Pervez Hoodbhoy in The Express Tribune:
Japan’s near tragedy has reminded the world that situating reactors close to a city can be exceedingly dangerous – even more than storing nuclear bombs within it. While a nuclear reactor cannot explode like a bomb, after one year of operation even a rather small 200MW reactor contains more radioactive cesium, strontium, and iodine than the amounts produced in all the nuclear weapons tests ever conducted.
These devastatingly deadly materials could be released if the containment vessel of a reactor is somehow breached.
As the Japanese continue their struggle to bring Fukushima’s reactors under control, they know they had falsely gambled that nuclear reactors could be safe against earthquakes. Still, there was some logic to this risk-taking: Japan’s energy hungry economy gets about 30per cent of its electricity from its 55 nuclear reactors.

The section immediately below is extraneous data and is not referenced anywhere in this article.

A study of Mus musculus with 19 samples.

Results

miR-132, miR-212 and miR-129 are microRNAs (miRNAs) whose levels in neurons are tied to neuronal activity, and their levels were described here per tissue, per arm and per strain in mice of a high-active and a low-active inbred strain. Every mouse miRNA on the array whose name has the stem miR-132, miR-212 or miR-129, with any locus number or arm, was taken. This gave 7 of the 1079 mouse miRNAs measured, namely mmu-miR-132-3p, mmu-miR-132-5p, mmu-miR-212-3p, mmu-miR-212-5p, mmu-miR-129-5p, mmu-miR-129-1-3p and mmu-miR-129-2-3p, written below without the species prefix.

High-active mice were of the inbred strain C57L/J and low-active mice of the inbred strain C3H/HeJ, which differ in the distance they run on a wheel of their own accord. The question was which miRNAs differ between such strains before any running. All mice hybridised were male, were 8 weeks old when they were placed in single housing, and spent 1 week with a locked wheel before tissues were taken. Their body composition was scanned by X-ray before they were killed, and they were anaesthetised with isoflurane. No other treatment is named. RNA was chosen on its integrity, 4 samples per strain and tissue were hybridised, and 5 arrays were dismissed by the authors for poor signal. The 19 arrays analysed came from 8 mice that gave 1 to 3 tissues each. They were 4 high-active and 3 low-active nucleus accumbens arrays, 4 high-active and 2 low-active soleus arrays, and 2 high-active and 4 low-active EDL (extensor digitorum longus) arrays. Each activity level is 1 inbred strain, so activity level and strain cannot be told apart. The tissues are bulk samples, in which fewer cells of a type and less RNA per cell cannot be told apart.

Pakistan has much less reason to risk Karachi, its largest city. The Karachi Nuclear Power Plant, (KANUPP) located by the seashore, produces little electricity. This Canadian supplied reactor has been in operation since December 1972, but according to IAEA statistics, has been unavailable for power production 70.4 per cent of the time. Even if it had operated as per design (120MW of electrical power), it could supply only six-seven per cent of Karachi’s total electrical power needs – barely enough for Golimar and Lyari.
Nevertheless KANUPP puts the Karachi’s population at risk. Sabotage, terrorist attack, equipment failure, earthquake, or a tsunami could result in large scale radioactive release. As in the 1986 Chernobyl disaster, the instinctive reaction of the authorities would be to cover up the facts.